Presentation on theme: "Jane Eyre. The novel contains: 176 biblical allusions 81 quotations and paraphrases from 23 books of the Old Testament 95 quotations and paraphrases from."— Presentation transcript:
The novel contains: 176 biblical allusions 81 quotations and paraphrases from 23 books of the Old Testament 95 quotations and paraphrases from 15 books of the New Testament
Kings reference And behold, the Lord passed by, and a great and strong wind rent the mountains, and brake in pieces the rocks before the Lord; but the Lord was not in the wind: and after the wind an earthquake; but the Lord was not in the earthquake: And after the earthquake a fire; but the Lord was not in the fire: and after the fire a still small voice.
Wind/Earthquake/Fire/Voice Progression Wind: the proposal, chestnut tree ruined A waft of wind came sweeping down the laurel walk, and trembled through the boughs of the chestnut (216). Earthquake: the wedding – when the wedding is stopped, Mr. Rochester moved slightly, as if an earthquake had rolled under his feet (246).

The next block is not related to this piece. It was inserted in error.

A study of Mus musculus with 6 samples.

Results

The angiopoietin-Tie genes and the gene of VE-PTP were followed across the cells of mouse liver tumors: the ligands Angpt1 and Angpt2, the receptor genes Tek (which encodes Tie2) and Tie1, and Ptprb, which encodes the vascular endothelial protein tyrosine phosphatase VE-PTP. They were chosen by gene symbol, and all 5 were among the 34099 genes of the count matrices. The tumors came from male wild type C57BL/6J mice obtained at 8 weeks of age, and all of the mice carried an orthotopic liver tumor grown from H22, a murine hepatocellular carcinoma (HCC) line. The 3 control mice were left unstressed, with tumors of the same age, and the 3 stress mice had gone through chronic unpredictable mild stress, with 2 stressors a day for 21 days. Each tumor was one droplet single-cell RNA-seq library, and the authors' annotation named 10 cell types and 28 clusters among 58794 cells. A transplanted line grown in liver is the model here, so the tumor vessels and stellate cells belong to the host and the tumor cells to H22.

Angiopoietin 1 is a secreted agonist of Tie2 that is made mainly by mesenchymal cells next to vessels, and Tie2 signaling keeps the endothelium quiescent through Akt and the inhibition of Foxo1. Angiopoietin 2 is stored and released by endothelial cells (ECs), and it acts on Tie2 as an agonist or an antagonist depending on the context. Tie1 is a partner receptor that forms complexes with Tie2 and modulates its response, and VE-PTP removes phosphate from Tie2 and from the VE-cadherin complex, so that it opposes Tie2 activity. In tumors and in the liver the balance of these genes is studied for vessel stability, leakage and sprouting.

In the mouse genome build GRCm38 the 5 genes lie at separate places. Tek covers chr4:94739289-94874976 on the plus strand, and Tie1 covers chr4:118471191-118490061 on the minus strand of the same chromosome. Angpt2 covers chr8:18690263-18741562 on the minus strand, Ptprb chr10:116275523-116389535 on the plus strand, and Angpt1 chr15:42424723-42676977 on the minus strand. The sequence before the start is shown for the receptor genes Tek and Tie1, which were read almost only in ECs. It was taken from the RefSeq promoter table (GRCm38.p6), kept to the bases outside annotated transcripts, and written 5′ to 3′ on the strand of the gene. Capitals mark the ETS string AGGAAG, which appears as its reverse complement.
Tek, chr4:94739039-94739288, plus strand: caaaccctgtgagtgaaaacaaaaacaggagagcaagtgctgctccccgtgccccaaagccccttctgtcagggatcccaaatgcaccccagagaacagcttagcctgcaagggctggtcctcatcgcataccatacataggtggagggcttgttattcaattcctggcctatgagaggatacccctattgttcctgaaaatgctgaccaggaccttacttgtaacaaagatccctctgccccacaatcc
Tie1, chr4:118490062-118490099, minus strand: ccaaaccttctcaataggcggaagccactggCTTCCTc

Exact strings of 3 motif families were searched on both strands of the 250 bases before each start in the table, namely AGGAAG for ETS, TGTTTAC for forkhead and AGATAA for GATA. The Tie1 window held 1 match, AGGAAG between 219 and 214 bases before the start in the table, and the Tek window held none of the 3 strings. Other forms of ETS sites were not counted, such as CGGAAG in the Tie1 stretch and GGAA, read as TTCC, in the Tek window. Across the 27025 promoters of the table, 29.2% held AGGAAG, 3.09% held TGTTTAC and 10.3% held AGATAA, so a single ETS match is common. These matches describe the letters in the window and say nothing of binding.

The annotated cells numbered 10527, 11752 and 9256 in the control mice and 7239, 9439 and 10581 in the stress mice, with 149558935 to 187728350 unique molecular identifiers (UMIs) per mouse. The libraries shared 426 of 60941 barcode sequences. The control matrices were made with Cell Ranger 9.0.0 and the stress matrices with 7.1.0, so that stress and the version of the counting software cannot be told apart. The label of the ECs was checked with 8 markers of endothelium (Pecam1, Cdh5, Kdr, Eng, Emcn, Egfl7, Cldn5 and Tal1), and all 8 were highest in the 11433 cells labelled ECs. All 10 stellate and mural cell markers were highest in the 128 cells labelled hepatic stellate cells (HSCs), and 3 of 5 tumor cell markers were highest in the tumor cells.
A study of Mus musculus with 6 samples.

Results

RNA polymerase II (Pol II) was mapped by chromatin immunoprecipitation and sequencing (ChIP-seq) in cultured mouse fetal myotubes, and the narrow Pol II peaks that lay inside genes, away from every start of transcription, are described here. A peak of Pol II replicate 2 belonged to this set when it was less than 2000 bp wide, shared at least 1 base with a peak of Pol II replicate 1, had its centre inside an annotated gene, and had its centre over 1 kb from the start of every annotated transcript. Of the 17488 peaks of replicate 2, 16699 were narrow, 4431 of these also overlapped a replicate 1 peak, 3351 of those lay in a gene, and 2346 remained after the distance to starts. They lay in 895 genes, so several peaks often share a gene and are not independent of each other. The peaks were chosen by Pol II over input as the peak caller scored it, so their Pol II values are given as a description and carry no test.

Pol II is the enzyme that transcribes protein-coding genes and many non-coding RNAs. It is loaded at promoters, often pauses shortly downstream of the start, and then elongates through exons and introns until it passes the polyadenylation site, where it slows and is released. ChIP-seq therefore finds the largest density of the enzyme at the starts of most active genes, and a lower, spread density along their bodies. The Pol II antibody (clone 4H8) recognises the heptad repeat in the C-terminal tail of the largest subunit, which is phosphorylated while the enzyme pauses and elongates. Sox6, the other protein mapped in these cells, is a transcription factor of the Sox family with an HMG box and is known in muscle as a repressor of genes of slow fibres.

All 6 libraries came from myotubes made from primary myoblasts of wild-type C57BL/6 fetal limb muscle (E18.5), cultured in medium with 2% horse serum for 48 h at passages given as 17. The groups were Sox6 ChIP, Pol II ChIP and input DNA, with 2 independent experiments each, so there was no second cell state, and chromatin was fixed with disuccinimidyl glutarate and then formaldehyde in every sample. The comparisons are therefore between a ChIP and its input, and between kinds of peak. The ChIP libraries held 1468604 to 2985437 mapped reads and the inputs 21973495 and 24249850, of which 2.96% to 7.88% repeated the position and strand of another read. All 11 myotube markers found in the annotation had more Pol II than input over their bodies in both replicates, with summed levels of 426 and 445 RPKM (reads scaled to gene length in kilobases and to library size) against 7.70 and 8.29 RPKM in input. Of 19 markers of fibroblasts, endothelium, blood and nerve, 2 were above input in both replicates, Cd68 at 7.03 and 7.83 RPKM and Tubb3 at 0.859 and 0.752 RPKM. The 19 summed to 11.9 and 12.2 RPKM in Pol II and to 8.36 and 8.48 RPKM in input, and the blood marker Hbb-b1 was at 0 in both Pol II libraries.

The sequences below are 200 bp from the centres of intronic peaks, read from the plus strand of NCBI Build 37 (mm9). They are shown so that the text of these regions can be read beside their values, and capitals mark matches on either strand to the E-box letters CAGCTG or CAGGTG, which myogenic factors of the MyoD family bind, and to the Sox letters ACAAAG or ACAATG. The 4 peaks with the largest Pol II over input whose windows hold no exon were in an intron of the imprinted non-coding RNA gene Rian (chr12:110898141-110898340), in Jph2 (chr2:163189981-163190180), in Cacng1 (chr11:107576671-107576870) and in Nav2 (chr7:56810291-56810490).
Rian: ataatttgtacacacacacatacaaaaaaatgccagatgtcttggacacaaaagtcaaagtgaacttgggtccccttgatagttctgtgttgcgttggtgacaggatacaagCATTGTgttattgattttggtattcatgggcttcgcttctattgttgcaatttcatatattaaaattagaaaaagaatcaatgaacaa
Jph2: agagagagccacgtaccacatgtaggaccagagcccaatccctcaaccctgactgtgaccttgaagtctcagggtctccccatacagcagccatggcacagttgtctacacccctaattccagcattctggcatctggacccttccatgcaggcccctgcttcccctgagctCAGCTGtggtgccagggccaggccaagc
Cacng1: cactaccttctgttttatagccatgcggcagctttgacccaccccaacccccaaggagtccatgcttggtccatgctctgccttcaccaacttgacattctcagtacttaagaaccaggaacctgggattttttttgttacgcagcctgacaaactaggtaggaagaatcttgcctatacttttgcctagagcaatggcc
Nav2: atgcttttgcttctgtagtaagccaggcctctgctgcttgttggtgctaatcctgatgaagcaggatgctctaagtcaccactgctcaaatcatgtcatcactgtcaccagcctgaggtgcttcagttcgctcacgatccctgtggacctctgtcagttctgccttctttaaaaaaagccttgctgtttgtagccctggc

Wind/Earthquake/Fire/Voice Progression Fire: Thornfield Hall Voice: telepathic exchange between Mr. Rochester and Jane
Nebuchadnezzar and Tree Imagery Nebuchadnezzar dreams of a holy one from heaven descending and crying, Hew the tree down, and destroy it; yet leave the stump of the roots thereof in the earth.
Nebuchadnezzar and Tree Imagery Nebuchadnezzars insanity Rochester is quite savage (364)
Questions Is Jane Eyre a Christian feminist bildungsroman? Mr. Rochesters punishments for attempted bigamy are severe. How does this reflect on the religious systems portrayed in this novel? Not all critics see Jane and Rochester as ultimately submitting to God and being rewarded with a happy marriage. Sandra Gilbert, in her 1998 essay, argues that by rejecting St. John and returning to Rochester Jane replac[es] a Christian theology of renunciation with a more hedonistic theology of love. (She uses Janes experience before hearing Rochesters voice on p.357.)